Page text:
By Patricia Prewitt

My Personal Rx Adviser

I spoke with a client who is still working, and, for the first time, elected to choose the high-deductible health insurance plan (HDP) offered by his employer. Now that the new insurance year is in full swing, there seems to be a bit of “buyer’s remorse.” There was confusion about how the prescription costs would be accounted for. Here are a few of things we talked about:

Can you explain to me how my high-deductible plan works?

No. I am not a registered medical insurance agent. There are a wide variety of high-deductible plans, and employers structure their offerings to employees in many different ways. Larger employers may be “self-funded,” which means the plans are different than those offered by states.

So, what would I do to find out about my prescription coverage?

Check your plan documents from the insurance carrier and your employer. Commonly, there might be a $250 prescription deductible for a single person or a $500 prescription deductible for spouse/family plans. If there is not a prescription deductible amount defined in the plan, it is likely that your prescription costs will be at “full price,” until the overall high-deductible plan number is met.

Wow. I guess I didn’t realize that. Are there any ways for me to save on my out-of-pocket Rx costs?

Maybe. If any of your medications are high-cost brand name products, check the brand website for a savings card. If yes, register, and bring a copy of the card sent to you via email to the pharmacy that fills your prescription. This may work to reduce the price you pay at the pharmacy. How the lower out-of-pocket cost portion you paid is applied to your deductible depends on the rules (the pharmacy adjudication process) for the employer plan.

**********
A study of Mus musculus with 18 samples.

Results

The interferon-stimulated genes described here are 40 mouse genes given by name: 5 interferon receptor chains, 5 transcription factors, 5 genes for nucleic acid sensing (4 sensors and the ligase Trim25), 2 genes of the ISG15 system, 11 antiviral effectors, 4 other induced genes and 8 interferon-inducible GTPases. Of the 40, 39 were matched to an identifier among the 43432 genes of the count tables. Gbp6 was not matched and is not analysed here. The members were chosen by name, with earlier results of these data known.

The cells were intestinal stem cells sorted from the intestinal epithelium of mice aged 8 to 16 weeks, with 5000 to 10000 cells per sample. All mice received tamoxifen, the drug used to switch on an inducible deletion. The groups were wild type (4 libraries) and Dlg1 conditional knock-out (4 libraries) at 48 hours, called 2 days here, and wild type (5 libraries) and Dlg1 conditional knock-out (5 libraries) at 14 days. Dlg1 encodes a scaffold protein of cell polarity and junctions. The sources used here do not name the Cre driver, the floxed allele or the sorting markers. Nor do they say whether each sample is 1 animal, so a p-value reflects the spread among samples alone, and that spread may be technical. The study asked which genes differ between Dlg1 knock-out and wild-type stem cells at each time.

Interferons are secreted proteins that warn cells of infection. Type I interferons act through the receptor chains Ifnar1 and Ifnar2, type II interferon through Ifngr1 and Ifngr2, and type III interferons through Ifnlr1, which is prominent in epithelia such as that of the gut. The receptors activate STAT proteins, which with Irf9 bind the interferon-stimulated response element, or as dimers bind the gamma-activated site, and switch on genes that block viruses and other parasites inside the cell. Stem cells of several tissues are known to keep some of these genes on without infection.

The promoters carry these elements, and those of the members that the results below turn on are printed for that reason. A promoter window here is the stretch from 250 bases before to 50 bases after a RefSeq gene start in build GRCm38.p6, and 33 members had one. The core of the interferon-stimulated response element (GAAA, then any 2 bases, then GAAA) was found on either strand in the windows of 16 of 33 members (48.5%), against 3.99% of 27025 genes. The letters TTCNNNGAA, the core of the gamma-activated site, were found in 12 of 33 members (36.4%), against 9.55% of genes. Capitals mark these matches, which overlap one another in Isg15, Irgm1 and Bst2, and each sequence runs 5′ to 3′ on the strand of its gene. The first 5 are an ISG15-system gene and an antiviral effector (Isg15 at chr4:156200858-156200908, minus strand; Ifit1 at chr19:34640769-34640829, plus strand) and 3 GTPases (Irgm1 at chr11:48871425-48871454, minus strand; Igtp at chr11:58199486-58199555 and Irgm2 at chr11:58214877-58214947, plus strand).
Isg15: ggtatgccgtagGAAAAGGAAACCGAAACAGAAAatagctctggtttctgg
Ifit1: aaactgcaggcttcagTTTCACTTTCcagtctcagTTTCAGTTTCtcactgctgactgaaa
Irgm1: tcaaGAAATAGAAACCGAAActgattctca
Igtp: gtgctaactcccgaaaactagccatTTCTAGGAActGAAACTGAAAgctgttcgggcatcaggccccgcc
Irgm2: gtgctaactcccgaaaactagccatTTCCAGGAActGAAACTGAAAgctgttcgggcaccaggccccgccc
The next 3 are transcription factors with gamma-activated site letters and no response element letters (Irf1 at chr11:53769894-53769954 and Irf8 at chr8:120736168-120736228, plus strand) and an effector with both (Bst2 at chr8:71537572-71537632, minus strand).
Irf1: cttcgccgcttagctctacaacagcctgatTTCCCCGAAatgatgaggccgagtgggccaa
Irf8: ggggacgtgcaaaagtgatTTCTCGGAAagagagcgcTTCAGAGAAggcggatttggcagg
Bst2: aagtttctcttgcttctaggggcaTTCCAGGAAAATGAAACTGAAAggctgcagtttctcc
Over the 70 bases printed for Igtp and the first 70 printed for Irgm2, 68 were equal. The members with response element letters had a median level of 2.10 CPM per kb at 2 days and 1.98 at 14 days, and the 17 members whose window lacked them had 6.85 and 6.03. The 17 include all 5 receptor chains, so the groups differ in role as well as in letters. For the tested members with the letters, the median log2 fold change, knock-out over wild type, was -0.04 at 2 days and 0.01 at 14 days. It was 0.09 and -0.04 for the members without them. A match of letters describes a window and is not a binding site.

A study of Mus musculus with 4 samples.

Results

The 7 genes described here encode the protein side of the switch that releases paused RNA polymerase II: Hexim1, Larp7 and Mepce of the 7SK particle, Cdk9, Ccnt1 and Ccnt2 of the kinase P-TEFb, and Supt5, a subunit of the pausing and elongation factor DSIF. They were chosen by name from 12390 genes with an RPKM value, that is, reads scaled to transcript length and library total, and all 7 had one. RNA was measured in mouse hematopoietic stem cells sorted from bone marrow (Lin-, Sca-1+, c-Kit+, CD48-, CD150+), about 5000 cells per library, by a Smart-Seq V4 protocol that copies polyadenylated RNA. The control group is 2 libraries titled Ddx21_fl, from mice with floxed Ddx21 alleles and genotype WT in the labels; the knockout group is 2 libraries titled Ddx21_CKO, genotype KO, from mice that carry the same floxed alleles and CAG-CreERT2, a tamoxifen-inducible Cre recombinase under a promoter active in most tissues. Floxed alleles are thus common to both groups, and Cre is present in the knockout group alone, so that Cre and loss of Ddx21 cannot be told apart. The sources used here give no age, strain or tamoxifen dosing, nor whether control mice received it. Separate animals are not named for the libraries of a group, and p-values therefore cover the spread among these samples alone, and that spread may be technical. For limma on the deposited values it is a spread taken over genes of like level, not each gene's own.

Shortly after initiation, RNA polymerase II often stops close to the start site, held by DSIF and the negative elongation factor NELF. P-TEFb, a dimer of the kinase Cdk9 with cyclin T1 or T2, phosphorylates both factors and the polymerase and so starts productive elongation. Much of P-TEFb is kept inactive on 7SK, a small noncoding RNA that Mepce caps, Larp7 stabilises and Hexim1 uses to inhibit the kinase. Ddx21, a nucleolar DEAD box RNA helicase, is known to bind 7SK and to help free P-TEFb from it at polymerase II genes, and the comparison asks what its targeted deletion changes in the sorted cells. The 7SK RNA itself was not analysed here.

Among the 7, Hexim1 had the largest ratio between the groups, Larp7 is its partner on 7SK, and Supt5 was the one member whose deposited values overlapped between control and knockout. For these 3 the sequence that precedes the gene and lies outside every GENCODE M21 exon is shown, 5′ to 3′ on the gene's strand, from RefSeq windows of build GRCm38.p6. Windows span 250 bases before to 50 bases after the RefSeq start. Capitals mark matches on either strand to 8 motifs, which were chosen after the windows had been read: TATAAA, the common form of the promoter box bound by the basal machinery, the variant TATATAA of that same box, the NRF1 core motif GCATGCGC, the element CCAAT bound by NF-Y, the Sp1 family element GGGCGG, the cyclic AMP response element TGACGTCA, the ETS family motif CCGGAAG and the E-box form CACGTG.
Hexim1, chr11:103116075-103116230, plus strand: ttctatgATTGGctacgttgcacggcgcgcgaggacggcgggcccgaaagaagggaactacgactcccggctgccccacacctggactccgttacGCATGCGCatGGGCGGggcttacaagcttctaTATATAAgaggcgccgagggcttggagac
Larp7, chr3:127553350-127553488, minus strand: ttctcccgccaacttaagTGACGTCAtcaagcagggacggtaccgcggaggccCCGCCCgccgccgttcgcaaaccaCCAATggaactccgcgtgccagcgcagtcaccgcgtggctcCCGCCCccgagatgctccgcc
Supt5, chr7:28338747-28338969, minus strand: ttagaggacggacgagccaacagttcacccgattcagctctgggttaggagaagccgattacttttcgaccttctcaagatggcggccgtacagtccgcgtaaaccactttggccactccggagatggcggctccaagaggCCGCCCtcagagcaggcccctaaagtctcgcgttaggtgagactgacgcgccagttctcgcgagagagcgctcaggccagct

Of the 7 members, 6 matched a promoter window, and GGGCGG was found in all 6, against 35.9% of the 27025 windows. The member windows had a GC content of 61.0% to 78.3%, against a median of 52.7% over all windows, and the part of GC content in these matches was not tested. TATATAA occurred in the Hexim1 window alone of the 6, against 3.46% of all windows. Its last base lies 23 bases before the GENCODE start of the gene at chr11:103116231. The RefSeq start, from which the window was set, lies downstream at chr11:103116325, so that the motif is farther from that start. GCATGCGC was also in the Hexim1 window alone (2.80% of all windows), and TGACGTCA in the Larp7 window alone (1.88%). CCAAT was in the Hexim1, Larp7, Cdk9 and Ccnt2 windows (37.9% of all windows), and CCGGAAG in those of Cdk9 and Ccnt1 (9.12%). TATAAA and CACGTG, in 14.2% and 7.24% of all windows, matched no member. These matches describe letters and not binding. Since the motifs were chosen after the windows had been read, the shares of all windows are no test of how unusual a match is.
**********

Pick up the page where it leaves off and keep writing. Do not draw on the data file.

Are there other opportunities to save money?

For higher cost generics, for example, $45 at “retail cost,” try savings cards. These are offered by NeedyMeds, GoodRx, and others. Compare the price using your insurance to the coupon with cash priceusing the savings card. Decide which makes more sense. The caveat? These cards bypass any prescription insurance processing. Cash paid (usually) does not accrue to your plan deductible, but it may reduce that $45 price to something lower, often under $10.

Remind me, why did I choose this high-deductible plan?

You probably considered yourself and/or your dependents to be healthy, and wanted to pay lower monthly health insurance premiums. Plus, your employer may have offered a health savings account (HSA) benefit that allows for a type of tax-advantaged savings account, funded with your payroll deductions. They may have even sweetened the high-deductible plan option with some employer matching dollars to your HSA.

Anything else?

Choosing a high-deductible plan to reduce monthly premiums may be a great option for healthy people who require few services. Employers like the HDP plans as a way to offer affordable employee coverage, and to control costs. Unlike flexible savings accounts (FSAs), health savings accounts do not require use of the funds within a fixed time period. HSA funds remain with the account holder for life to use for reimbursement of certain health expenses.

About the Author: Patricia Prewitt is a local Massachusetts resident who spent over 30 years in 

the pharmaceutical industry. Tricia is a consumer education advocate, and loves helping people find ways to save money on their prescriptions. More information and free resources are available on her website at or call her at 508-507-8840. Favorite Quote: “Act as if what you do makes a difference. It does.” – William James 

Content provided is for education purposes only, and is not intended as a substitute for advice from a qualified medical professional. The opinions expressed within are those of the author.